Presidential candidate Barack Obama has talked up several proposals relating to energy and taxes over the past couple weeks, including a one-time tax rebate of $500 per spouse that would be funded by a five-year windfall profits tax on oil companies. He also proposes a $7,000 tax credit for "advanced technology vehicles" which include hybrid cars that can be plugged into an electrical socket and flexible fuel vehicles (which can run on gasoline or ethanol). Obama has also supported eliminating tax loopholes for oil and gas companies. He also supports a cap and trade program in which businesses must obtain an allowance to emit carbon pollutants and all of these allowances (rather than just a portion of them) would be auctioned off, raising revenue that can be reinvested into alternative fuels and assistance to keep families from being harmed by the increased cost of energy.
His recent statements have caused some controversy, particularly his call to release oil from the Strategic Petroleum Reserve and his statement that he could be open to repealing the ban on offshore drilling if it was part of a larger compromise on energy policy. But some of the more strident criticism has been aimed at his desire to close tax loopholes and implement a windfall profits tax. Critics argue that many businesses have a period of unusually high profits and it's not clear why targeting the oil industry for a change in tax treatment makes any sense.
But that argument largely misses the point. The oil and gas industry has not just profited enormously. It has profited enormously partly because Americans are subsidizing it through the tax code -- and these tax subsidies have resulted in no clear benefit for the American public. Even if the tax subsidies are repealed, the public will never recoup the revenue showered on the oil and gas industry over the past years unless a windfall profits tax is implemented. The windfall profits tax blocked by Senate Republicans earlier this summer would sensibly ensure that any profits reinvested in renewable energy would not be subject to the tax.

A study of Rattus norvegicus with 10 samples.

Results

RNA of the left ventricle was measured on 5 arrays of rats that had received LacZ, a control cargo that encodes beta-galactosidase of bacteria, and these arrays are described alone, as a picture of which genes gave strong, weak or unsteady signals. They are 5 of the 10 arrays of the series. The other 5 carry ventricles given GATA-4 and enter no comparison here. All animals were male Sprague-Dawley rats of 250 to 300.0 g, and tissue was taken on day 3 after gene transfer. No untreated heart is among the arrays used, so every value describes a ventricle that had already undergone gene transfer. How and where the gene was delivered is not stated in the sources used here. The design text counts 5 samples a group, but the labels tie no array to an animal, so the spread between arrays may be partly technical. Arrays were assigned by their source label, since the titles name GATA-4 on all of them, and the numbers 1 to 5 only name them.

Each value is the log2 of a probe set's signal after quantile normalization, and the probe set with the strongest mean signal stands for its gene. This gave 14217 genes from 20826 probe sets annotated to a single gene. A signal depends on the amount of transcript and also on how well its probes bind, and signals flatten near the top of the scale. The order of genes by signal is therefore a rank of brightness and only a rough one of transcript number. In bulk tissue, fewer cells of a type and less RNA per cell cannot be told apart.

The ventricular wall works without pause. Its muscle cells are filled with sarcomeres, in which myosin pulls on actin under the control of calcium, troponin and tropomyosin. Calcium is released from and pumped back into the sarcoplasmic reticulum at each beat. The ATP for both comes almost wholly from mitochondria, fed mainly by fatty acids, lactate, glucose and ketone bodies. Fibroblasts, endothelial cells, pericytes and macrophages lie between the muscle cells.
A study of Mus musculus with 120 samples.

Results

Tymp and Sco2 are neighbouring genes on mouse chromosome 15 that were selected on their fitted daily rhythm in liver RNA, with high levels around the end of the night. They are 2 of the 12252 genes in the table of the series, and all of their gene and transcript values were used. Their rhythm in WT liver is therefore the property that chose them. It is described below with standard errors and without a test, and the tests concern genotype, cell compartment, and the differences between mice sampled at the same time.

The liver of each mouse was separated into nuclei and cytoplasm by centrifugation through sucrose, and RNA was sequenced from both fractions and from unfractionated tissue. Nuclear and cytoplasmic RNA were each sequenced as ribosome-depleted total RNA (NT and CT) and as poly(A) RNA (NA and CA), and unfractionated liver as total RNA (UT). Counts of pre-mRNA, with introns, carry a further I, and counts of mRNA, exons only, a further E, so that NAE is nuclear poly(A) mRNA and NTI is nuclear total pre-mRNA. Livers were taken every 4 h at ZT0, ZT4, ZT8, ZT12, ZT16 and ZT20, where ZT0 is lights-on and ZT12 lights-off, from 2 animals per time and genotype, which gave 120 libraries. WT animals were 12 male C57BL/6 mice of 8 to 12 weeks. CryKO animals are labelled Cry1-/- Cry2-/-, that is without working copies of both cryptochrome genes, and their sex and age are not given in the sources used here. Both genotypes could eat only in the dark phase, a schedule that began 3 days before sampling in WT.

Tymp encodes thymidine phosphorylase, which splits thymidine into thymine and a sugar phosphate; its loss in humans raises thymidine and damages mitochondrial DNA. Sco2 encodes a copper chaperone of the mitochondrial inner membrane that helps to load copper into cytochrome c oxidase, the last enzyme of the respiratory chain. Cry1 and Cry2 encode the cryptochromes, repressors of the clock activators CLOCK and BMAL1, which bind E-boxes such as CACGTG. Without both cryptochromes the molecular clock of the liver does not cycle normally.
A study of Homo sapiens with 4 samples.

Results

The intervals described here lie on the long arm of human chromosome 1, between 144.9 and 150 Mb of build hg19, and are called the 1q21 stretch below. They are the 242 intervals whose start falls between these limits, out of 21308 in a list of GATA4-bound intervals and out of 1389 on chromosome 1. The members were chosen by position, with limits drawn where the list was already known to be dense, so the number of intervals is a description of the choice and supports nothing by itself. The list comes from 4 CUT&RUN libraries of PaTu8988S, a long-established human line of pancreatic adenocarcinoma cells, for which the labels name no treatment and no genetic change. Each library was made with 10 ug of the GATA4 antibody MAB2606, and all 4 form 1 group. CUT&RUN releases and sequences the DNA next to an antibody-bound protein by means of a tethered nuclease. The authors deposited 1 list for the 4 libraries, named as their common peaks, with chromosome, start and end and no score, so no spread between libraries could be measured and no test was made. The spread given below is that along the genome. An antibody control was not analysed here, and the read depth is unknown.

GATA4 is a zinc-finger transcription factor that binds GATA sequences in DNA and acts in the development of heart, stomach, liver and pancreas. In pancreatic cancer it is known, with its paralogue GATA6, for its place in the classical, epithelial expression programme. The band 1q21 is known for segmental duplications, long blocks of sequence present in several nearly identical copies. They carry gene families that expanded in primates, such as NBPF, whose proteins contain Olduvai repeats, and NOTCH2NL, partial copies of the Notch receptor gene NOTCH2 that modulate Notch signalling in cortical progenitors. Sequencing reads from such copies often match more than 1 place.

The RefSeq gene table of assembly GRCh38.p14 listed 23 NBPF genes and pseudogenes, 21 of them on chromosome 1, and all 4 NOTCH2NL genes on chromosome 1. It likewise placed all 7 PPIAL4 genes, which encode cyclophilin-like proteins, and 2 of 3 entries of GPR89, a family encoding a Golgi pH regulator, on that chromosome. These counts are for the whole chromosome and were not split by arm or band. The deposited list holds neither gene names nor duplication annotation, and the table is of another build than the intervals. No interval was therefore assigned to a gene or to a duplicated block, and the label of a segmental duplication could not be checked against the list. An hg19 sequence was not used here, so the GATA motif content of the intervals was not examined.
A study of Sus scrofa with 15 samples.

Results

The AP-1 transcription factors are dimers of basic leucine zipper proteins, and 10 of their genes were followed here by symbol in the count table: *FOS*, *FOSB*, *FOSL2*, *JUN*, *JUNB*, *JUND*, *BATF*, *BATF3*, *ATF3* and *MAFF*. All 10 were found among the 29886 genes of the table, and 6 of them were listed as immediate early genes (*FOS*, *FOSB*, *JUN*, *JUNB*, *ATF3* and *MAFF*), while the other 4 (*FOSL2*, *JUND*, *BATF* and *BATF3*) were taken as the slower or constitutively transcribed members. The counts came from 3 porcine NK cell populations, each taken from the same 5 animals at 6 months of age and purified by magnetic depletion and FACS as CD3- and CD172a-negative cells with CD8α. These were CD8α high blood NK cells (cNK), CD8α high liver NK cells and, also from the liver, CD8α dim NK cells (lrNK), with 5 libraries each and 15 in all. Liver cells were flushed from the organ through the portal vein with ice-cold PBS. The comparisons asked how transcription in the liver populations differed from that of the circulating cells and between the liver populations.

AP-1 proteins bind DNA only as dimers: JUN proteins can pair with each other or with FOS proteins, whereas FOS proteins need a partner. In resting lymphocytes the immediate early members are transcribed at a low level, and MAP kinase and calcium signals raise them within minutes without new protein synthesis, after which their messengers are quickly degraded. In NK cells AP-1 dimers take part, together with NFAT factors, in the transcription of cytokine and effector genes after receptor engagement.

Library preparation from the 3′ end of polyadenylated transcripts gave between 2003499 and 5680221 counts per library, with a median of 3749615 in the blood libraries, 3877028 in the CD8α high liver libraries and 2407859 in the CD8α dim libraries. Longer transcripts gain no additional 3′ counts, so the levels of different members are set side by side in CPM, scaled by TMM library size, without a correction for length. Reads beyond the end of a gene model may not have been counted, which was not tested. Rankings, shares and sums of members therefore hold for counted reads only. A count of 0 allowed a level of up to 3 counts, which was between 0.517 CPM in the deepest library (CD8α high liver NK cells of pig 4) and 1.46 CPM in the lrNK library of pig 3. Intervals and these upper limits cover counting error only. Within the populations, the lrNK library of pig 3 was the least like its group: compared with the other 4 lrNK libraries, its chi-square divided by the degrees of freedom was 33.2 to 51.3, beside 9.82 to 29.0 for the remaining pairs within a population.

A report released by Citizens for Tax Justice in July makes this argument and explains just how well oil and gas company stockholders are doing, just how little they invest in alternative energy, and how much they have siphoned from federal revenue through tax loopholes. For example, the report cites the American Petroleum Institute (API) which admits that in the six years stretching from 2000 through 2005 the oil industry only put a total of $1.2 billion towards investment in alternatives to fossil fuels, which is just 0.3 percent of its $383 billion in net profits over that period. If this figure had increased since then, the industry would surely be publicizing that fact.
But while the public has not benefited from the tax subsidies for the oil and gas industry, stockholders surely have. As the report explains, if you invested $10,000 in the top five oil companies 20 years ago, your portfolio would now be worth $100,000. That same $10,000 invested in an S&P 500 index fund is now worth $60,000. Oil shareholders enjoy a big advantage, and hardly seem in need of tax subsidies.
Whether a small tax rebate is what working families really need right now seems doubtful, but closing tax loopholes for oil and gas companies is a common sense policy, and a windfall profits tax might be a sensible supplement to this policy.